Monday, January 22, 2018
Opinion

Nickens: Closing off government from sunshine

They talk a good game in Tallahassee about the importance of open government and conducting the public's business in public.

They just don't practice what they preach.

Here's a good snapshot of just how secretive Tallahassee has become.

The former chief of staff for the late Gov. Reubin Askew asked the Florida Supreme Court to force candidates who have blind trusts, such as Gov. Rick Scott, to report the holdings in those trusts in financial disclosure forms filed when candidates qualify for office. Askew persuaded voters in the 1970s to pass the Sunshine Amendment, which requires elected officials and candidates to list their financial assets so voters can judge potential conflicts of interest for themselves. Scott and Republican lawmakers naturally want the lawsuit to be dismissed, and the Supreme Court punted the issue to circuit court.

In Leon Circuit Court in Tallahassee, Senate President Don Gaetz acknowledged he met secretly with House Speaker Will Weatherford to agree on a map for new congressional districts before they assumed those positions. Never mind that voters approved a constitutional amendment in 1990 to require the Senate president and House speaker to meet in public when the purpose of the meeting "is to agree upon formal legislative action that will be taken at a subsequent time." Unfortunately, the amendment allows the Legislature to interpret and enforce the requirement. The result: The House speaker and the Senate president never illegally meet in secret.

Even legislators have a hard time getting public documents.

Rep. Matt Gaetz, a lawyer and the son of the Senate president, filed a lawsuit on behalf of a client that accuses the Department of Transportation of failing to release 1,000 emails about guardrails. The DOT apparently is allowing a guardrail vendor to decide whether any of the documents are exempt from the public record. That is not how public record law works. It's the public agency, not a private company, that should decide which records are public and to cite an exemption in state law that justifies keeping any of them secret.

The disdain for public records and conducting the public's business in public starts at the top. All governors over the last 35 years or so have had at least occasional issues with embracing the spirit of government-in-the-sunshine and complying with public records laws. Scott ranks among the worst.

The governor's public schedule reveals little. There is far less detail about his travel on his private plane than his predecessors routinely provided. He fails to properly record the plane expenses on his campaign reports, and he avoids email so he won't create a public record. His effort to make emails of his staff readily available on the Internet was a farce, and new obstacles to requesting emails from current and former staffers are tied up in a lawsuit.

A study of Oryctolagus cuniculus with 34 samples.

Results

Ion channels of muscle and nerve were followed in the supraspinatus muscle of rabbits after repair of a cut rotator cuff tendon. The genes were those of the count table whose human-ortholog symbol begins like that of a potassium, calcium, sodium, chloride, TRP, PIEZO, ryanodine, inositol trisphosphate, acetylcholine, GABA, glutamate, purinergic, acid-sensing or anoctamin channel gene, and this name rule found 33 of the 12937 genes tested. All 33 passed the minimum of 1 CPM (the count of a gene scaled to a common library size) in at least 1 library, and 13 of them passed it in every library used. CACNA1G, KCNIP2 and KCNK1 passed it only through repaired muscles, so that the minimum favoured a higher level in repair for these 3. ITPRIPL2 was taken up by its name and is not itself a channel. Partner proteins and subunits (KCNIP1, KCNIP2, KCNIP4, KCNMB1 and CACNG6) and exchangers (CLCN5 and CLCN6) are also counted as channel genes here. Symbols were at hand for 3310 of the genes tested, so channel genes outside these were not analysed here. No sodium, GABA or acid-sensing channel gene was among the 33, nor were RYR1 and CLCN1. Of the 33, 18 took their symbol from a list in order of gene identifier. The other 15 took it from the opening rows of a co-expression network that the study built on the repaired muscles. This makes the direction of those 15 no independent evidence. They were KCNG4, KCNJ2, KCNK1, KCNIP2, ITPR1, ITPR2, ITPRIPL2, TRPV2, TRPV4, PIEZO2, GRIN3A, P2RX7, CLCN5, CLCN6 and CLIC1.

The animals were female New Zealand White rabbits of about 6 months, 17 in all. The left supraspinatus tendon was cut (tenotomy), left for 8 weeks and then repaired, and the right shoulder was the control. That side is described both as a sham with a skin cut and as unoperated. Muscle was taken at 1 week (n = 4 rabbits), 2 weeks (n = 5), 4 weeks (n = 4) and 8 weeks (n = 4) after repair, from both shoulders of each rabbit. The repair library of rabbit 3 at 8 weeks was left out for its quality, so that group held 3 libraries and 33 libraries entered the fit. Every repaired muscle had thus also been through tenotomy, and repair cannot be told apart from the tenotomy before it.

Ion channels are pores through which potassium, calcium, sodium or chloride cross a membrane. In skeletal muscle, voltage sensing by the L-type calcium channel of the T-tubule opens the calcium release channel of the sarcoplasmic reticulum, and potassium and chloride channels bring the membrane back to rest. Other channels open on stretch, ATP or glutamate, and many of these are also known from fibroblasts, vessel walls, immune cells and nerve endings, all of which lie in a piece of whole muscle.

Scott's predecessor and likely November opponent, Republican-turned-Democrat Charlie Crist, established the Office of Open Government within the governor's office. Under Crist, the office worked as an advocate for the release of public records. Under Scott, it is better known for obfuscation and stalling.

The hostility to openness percolates through the governor's agencies. The Department of Children and Families initially responded to the Miami Herald's investigation of the deaths of hundreds of children known to DCF by keeping secret more information. Good luck getting public records promptly from the Department of Transportation or the Department of Environmental Regulation.

To be fair, it's not just Scott who prefers darkness to sunshine.

The Legislature approved more public records exemptions this spring than it has in years. They even exceeded the number of exemptions approved in the months following the 9/11 attacks. Among the worst is an exemption for nearly any information about family trust companies held by the Office of Financial Regulation.

The most serious threat to openness isn't even technically a public records exemption. The "stand your ground" legislation allows anyone who claims that defense and prevails to request that all records of the incident be expunged. That would make it impossible to duplicate the Tampa Bay Times investigation that revealed how drug dealers avoided murder charges and gang members went free by taking advantage of the "stand your ground" law.

The First Amendment Foundation has asked the governor to veto the family trust exemption and the "stand your ground" legislation. (Disclosure: I am a member of the foundation's board of trustees.)

Don't hold your breath.This column has been revised to reflect the following clarification: A constitutional amendment requiring the Florida House speaker and Senate president to generally meet in public did not apply to secret meetings on redistricting held by House Speaker Will Weatherford and Senate President Don Gaetz because they did not hold those positions yet when the meetings occurred. A Tim Nickens column published Sunday was unclear on that point.